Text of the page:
We take a look at the pros and cons of prepayment energy meters - and why more people are likely to turn to them this winter.
As the energy crisis rages on, comparison website Uswitch has revealed that almost 60,000 UK residents transferred to prepaid gas and electricity meters between October 2021 and March this year, bringing the total to nearly 7.4 million nationwide.
Based on current trends, another 10,000 prepayment meters could be installed each month across UK households this winter, it warns.
The sudden switch, which comes amid record-high inflation and soaring energy prices, is a “worrying” trend, Uswitch said in a statement.
While some households have opted to change to an energy meter to mitigate bills, more homes might have been forced to make the move to ensure those bills are paid during the winter months.
What is a prepayment meter?
Instead of getting a surprise bill every month or quarter, you top up a prepayment meter with credit at a top-up point (usually a local shop) or, nowadays, via an app.
The payment is made in advance of you actually using the energy, unlike direct debit payments which are taken once the energy has been used.
What are the benefits of using a prepayment meter?
Prepayment meters show the occupants of households exactly how much money they have to spend on their energy.
It’s a way to ration usage and keep an eye on spending, as well as lay out a budget for the week or month.
Sometimes, suppliers will actually recommend the meter to customers as a means of monitoring their output. But authorities can also force households into the transfer if they feel it’s necessary to ensure people keep up with their bills.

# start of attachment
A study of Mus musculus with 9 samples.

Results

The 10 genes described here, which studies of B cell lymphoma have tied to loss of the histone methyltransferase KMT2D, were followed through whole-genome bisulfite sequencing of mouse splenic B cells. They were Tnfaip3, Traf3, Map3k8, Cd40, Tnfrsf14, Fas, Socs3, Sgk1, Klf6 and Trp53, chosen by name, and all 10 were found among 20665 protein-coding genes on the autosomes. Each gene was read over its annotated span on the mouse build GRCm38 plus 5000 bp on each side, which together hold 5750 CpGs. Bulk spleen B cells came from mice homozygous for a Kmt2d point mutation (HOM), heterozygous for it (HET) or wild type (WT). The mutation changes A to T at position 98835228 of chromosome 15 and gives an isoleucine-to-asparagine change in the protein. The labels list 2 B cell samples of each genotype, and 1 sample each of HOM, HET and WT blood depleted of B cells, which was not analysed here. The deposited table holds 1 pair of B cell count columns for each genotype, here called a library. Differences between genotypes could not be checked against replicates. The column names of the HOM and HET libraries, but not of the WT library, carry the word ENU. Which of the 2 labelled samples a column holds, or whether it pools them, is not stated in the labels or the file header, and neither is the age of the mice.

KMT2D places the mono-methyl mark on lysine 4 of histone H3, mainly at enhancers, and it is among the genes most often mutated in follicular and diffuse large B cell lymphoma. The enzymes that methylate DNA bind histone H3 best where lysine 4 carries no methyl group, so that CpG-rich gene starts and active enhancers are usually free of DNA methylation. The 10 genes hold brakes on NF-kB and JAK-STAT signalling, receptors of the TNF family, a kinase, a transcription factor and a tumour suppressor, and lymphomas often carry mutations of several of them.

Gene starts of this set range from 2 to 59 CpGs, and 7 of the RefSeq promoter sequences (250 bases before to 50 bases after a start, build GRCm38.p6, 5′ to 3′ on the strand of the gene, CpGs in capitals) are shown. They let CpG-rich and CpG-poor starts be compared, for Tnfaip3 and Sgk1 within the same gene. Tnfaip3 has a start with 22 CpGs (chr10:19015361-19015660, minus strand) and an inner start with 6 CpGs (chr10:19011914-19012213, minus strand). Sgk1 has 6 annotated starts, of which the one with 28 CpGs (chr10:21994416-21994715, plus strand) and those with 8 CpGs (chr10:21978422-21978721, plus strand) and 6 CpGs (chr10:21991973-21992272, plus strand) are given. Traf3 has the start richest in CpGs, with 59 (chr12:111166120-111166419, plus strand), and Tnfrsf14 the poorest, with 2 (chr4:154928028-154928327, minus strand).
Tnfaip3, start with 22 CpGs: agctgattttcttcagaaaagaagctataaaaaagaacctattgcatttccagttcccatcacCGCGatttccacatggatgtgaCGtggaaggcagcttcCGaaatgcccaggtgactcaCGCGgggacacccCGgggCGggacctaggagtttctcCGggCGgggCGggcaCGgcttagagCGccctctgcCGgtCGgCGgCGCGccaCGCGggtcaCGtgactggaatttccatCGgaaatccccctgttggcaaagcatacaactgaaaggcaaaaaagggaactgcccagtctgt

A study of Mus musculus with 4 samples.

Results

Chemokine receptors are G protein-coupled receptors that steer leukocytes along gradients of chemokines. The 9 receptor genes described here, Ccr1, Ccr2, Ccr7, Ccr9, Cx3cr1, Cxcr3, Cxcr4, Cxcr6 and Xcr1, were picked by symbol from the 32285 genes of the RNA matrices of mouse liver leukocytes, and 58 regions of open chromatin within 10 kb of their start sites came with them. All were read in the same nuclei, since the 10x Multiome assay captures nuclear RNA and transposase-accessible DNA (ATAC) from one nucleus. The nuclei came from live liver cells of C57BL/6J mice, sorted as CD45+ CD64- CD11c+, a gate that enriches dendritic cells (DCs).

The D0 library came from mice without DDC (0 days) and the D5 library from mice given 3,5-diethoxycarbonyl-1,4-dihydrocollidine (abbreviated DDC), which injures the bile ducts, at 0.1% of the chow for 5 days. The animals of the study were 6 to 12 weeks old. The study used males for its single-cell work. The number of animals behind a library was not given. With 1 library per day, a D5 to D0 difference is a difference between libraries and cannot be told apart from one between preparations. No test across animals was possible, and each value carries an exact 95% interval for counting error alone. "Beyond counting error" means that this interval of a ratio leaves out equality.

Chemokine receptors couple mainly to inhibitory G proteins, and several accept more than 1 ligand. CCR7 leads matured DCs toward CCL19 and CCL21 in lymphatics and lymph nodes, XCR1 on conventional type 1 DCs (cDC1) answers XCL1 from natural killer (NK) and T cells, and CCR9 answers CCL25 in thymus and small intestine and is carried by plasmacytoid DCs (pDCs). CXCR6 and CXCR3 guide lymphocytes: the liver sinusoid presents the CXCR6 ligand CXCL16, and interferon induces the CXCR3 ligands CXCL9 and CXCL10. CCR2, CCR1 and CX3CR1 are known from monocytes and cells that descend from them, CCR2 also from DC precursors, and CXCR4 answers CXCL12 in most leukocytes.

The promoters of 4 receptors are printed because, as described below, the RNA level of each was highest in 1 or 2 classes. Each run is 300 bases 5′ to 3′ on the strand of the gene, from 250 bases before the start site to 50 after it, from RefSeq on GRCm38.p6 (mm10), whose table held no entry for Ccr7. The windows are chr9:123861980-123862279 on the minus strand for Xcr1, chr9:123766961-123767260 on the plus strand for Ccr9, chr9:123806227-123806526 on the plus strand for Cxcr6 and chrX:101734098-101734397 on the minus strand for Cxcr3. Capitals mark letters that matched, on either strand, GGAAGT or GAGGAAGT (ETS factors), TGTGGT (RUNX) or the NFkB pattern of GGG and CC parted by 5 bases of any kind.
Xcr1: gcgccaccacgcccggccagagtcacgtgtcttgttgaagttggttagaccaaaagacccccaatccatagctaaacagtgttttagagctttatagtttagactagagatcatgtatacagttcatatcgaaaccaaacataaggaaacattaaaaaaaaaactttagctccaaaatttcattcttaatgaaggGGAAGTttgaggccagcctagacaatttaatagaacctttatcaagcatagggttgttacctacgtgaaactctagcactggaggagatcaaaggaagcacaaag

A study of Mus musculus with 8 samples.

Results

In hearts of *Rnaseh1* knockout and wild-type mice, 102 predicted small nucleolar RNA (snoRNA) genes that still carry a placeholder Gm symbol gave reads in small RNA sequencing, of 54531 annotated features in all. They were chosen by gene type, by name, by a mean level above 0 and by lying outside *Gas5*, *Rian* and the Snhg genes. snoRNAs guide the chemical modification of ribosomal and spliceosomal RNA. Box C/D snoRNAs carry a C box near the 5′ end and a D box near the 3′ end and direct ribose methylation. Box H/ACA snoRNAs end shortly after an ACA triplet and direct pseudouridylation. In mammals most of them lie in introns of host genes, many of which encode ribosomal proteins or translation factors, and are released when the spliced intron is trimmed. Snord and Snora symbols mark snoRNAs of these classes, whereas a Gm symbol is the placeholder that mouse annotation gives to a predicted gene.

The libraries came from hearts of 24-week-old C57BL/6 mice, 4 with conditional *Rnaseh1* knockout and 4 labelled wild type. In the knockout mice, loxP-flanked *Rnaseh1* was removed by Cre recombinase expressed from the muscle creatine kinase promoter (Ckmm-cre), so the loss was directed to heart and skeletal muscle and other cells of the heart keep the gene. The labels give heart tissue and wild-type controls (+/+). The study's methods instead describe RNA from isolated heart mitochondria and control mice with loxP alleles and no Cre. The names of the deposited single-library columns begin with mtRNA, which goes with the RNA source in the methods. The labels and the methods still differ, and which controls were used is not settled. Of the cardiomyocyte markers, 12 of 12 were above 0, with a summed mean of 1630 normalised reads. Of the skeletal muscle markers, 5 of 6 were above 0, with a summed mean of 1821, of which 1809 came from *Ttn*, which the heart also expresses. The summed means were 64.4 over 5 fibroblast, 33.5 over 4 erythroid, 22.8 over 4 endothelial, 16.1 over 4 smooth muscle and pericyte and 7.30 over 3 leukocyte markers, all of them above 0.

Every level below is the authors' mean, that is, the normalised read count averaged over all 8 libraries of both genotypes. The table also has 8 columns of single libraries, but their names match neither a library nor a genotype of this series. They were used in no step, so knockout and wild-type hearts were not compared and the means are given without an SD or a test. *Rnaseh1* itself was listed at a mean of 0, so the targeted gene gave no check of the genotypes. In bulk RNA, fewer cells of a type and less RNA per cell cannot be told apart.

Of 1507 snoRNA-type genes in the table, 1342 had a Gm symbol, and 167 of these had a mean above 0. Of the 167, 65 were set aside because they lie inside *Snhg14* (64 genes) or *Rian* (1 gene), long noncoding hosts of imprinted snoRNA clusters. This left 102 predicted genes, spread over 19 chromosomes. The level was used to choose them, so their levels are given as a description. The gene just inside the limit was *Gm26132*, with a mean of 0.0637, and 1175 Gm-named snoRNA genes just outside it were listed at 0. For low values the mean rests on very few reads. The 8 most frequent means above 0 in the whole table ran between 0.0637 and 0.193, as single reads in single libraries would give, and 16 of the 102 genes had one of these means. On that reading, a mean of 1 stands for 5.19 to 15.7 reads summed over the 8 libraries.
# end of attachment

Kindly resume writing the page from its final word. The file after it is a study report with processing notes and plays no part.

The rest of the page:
What are the downsides of prepayment meters?
There’s a reason they remain one of the less commonly used payment options, with approximately 13 per cent of UK households relying on this method.
While prepayment meters help people to plan spending, often the energy you’re paying for is more expensive than it would be on a fixed rate tariff.
Not to mention, if you don’t top the meter up regularly, the energy to your home is literally cut off.
For those with health conditions, the elderly, people with children and those who live in remote locations, this can be seriously problematic – especially as Europe braces for a tough winter.
Prepayment meters also charge a daily fee, known as a standing charge. Even if you don’t use any energy all day, the standing charge will be deducted from your account - while this is usually a matter of pennies, it quickly adds up.
Should I consider getting a prepayment meter?
If you’re in a position where you’re considering ways to keep an eye on your bills this winter, you might be thinking about switching to a prepayment meter.
Last week, the organisation End Fuel Poverty Coalition asked the government to temporarily stop households from being forced onto prepayment meters as concerns rose around how this might impact people over the winter.
Prepayment meters are quite a volatile option for most people. But there are other options to track your energy usage and spending rather than risking a mid-winter blackout.
Nowadays, one of the most intelligent means of tracking your energy usage is with smart meters.
A lot of suppliers will actually install these for free; like prepayment meters, they let you see exactly where your energy is going, but your money is taken after the service has been provided and you’re still able to tap into the benefits of fixed rate tariffs.